Pretreatment tumour immune microenvironment predicts clinical response and prognosis of muscle-invasive bladder cancer in the neoadjuvant chemotherapy setting

Br J Cancer. 2021 Nov 15. doi: 10.1038/s41416-021-01628-y. Online ahead of print.


Background: We examined the relationship between the tumour microenvironment and the clinical efficacy of neoadjuvant chemotherapy in patients with cT2-4aN0M0 bladder cancer using multiplex fluorescence immunohistochemistry.

Methods: The study retrospectively evaluated 51 patients who underwent radical cystectomy following neoadjuvant chemotherapy for cT2-4aN0M0 muscle-invasive bladder cancer. Patients were divided into responders (<pT2) and non-responders (≥pT2). We assessed the density of each immune cell type in intratumoural and peritumoural areas in both groups via multiplex fluorescence immunohistochemical analysis.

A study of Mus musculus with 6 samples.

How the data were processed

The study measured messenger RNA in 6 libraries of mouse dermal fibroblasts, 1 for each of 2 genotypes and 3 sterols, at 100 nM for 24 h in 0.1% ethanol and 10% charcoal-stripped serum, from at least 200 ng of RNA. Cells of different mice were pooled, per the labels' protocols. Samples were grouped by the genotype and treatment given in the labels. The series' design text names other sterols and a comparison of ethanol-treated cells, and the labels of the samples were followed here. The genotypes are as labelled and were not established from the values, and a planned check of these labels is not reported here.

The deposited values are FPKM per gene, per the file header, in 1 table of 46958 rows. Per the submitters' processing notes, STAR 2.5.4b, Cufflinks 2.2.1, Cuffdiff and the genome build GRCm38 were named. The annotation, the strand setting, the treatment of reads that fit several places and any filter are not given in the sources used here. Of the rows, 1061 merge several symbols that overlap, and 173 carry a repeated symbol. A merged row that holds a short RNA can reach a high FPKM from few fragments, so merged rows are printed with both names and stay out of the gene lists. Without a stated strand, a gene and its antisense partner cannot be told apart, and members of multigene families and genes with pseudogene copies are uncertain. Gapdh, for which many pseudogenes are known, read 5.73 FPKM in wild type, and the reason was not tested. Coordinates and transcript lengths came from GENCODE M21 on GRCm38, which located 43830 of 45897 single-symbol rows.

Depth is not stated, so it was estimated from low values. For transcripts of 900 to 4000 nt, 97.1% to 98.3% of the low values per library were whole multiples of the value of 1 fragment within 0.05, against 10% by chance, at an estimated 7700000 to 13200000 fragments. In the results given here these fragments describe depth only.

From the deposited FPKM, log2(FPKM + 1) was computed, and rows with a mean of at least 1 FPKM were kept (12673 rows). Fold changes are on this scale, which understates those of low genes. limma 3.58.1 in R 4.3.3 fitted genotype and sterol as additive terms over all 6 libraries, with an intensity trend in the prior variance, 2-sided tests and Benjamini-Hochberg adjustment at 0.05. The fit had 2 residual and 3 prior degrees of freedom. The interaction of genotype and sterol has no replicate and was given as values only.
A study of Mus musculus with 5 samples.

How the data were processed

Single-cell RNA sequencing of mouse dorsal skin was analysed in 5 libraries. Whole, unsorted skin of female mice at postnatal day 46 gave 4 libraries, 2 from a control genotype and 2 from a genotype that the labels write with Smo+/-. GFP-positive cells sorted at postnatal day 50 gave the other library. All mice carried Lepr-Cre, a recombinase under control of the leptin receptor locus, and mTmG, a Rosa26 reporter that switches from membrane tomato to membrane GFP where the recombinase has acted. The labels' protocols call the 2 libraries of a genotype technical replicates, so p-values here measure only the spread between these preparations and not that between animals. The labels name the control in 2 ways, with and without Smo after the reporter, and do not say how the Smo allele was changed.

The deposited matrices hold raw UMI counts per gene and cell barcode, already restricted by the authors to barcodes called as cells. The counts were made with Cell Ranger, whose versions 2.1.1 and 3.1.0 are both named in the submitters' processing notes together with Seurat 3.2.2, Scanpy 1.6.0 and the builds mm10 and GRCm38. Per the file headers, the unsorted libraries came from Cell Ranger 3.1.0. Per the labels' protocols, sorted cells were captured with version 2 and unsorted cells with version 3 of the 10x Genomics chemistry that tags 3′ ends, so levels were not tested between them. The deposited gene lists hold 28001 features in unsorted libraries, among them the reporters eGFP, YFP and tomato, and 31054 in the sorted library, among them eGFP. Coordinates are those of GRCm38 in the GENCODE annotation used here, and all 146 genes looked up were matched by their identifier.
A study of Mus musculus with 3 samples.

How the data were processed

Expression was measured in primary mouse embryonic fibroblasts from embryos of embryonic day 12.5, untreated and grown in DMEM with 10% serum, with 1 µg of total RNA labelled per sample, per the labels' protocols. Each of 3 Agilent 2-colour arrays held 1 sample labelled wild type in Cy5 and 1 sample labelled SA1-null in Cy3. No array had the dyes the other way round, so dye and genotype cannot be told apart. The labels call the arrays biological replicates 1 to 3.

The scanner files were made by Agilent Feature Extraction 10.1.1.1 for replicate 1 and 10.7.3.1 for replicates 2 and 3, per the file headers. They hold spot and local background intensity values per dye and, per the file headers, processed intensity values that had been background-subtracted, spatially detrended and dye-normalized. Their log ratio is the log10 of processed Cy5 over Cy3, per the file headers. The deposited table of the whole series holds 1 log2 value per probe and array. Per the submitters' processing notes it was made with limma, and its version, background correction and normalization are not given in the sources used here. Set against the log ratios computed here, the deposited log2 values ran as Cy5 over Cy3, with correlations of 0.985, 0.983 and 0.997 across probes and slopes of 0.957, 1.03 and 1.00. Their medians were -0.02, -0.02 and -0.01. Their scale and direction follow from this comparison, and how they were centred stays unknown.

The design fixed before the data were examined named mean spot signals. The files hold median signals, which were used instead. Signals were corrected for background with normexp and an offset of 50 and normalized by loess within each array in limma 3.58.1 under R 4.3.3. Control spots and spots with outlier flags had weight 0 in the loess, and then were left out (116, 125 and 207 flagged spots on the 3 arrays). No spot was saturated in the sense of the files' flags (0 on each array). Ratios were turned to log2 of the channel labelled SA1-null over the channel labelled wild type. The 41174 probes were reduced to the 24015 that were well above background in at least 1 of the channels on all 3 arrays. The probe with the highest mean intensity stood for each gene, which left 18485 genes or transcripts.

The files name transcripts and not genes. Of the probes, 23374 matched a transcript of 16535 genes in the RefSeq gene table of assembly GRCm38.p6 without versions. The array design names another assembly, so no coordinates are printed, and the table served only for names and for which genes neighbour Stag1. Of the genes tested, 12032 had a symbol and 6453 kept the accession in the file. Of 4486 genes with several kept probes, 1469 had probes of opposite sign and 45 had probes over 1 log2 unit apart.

Results: The median age was 69 years; 39 patients were male. Twelve (23.5%), 17 (33.3%), 10 (19.7%) and 12 (23.5%) patients were pT0, pT1, pT2 and ≥pT3, respectively. Responders had a significantly higher 5-year cancer-specific survival rate (96.6%) than non-responders (48.4%; p = 0.0018). CD8+ T cell (p = 0.0056) and CD204+ cell (p = 0.0394) densities were significantly higher in the intratumoural area in non-responders than in responders. Patients with higher CD204+ cell densities in cancerous areas had worse prognosis.

Conclusions: This comprehensive analysis of the immune microenvironment of a muscle-invasive bladder cancer specimen revealed that preexisting tumour-infiltrating proliferating CD8+ T cells and CD204+ cells are indicators of the response to neoadjuvant chemotherapy and that CD204+ cells can be considered an unfavourable prognostic factor in these patients.